In order to recognize sounds, computers need to be able to hear and process them. They may use sound pickups to handle ambient noise, or can listen to recordings. Sounds can be run through algorithms to determine what they are and what to do with them. Computer responses can depend on their programming, training, and level of sophistication.
A simple example of machine listening can be seen with clappers and voice activated software. Clappers allow people to turn circuits on and off with a hand clap that activates the base unit. Software that responds to voice commands can allow people to control it with their voices, which requires the ability to identify the voice and interpret the sounds. Such programs may use training to learn to recognize a specific speaker and handle accents, changes in syntax, and other variations between speakers.
More complex machine listening can be used in fields like music, where researchers identify and study patterns. Forensic musicologists, for instance, can compare and contrast music from different sources and may use machine listening in their work. They can determine if music appears to have a common origin or has other characteristics of interest. This technology can also be used to study harmony and develop theories about what historic music might have sounded like.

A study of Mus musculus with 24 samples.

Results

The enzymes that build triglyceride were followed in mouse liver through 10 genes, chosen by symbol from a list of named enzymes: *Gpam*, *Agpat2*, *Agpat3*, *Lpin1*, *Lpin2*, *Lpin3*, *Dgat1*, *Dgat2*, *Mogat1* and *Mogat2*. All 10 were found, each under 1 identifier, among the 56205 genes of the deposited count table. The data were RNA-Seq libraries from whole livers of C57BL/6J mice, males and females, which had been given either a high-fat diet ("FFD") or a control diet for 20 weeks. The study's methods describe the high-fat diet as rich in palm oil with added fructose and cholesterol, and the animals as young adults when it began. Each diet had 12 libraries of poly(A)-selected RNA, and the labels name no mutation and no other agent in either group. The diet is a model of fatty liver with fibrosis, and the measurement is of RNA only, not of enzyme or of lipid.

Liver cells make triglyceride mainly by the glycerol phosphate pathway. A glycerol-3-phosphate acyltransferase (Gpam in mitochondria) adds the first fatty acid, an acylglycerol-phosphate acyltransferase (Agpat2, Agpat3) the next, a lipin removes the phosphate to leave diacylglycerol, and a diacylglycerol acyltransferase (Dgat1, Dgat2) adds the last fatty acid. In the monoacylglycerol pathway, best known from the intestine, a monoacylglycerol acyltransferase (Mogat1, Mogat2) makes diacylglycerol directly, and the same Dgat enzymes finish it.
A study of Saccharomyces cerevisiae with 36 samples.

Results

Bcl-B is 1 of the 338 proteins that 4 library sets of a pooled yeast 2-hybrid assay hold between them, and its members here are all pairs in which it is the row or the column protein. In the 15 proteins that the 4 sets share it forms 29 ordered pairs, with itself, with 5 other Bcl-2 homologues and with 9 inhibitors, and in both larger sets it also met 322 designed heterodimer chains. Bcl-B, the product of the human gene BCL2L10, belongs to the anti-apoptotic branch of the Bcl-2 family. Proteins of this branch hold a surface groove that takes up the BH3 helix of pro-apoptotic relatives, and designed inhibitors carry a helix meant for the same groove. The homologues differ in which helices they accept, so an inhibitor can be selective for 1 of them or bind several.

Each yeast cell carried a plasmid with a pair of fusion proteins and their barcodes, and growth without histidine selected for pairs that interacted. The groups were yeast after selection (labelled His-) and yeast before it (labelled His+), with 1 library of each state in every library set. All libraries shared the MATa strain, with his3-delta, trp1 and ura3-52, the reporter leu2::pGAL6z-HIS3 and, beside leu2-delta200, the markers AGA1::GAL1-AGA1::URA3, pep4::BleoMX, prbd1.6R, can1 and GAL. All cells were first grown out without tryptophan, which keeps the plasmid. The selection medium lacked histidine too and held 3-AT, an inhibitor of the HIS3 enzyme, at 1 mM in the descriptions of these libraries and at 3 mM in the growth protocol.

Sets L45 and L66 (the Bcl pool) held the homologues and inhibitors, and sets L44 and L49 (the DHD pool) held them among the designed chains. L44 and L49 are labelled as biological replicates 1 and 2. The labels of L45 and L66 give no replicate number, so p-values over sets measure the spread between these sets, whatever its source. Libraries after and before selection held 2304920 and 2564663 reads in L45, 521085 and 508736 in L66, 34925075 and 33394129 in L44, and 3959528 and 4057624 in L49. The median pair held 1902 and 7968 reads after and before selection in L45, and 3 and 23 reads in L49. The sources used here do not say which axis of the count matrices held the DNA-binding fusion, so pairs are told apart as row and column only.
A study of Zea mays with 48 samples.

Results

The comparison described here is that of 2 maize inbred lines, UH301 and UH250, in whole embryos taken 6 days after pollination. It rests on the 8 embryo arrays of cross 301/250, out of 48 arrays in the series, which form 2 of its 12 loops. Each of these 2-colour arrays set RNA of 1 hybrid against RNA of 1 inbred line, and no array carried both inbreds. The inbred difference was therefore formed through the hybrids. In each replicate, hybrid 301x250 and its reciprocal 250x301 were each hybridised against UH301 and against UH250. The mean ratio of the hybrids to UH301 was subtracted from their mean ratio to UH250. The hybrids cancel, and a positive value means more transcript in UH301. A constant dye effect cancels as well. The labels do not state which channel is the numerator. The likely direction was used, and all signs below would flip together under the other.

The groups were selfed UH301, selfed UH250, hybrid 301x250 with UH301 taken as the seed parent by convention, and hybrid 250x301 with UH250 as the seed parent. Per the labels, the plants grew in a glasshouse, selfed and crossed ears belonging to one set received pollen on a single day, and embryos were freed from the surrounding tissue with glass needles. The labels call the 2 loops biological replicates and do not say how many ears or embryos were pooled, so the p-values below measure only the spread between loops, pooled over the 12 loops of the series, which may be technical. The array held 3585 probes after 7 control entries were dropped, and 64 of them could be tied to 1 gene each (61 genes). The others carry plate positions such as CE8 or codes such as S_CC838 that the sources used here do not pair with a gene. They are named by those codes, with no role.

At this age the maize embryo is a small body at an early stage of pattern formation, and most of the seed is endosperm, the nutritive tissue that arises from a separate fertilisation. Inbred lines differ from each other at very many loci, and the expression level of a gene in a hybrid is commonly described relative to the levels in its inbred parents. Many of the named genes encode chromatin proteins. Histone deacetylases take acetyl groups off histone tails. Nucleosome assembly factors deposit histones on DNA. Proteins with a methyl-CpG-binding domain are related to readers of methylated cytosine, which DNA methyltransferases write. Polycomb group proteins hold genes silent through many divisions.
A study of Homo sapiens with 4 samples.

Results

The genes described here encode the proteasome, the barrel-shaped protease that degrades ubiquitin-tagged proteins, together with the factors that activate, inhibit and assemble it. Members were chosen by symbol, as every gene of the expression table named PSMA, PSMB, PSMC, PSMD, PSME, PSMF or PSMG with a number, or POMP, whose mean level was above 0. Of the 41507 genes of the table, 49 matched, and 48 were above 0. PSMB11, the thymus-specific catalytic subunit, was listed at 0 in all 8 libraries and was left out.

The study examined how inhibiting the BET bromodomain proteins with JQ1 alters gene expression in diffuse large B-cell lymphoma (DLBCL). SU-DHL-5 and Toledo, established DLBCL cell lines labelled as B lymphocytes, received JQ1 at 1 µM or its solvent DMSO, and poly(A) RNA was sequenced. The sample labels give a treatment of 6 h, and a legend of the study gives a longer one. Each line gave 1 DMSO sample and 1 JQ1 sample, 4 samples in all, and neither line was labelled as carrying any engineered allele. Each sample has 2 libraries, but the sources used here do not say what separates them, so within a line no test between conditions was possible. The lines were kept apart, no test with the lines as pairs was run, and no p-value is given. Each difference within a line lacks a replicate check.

Intelligence analysis also relies on machine listening. Huge amounts of audio data in the form of telephone conversations, discussions in public spaces, and so forth may need to be processed by intelligence agencies. Paying human beings to listen to all the audio and develop reports can be expensive, and bored listeners might miss important information. Machine listening can allow an agency to automatically process audio to pull out data that requires close attention, based on keywords, stress tones in voices, and other parameters. Intelligence analysts can prioritize their work on the basis of this automatic analysis to listen to the audio that is most likely to be important first.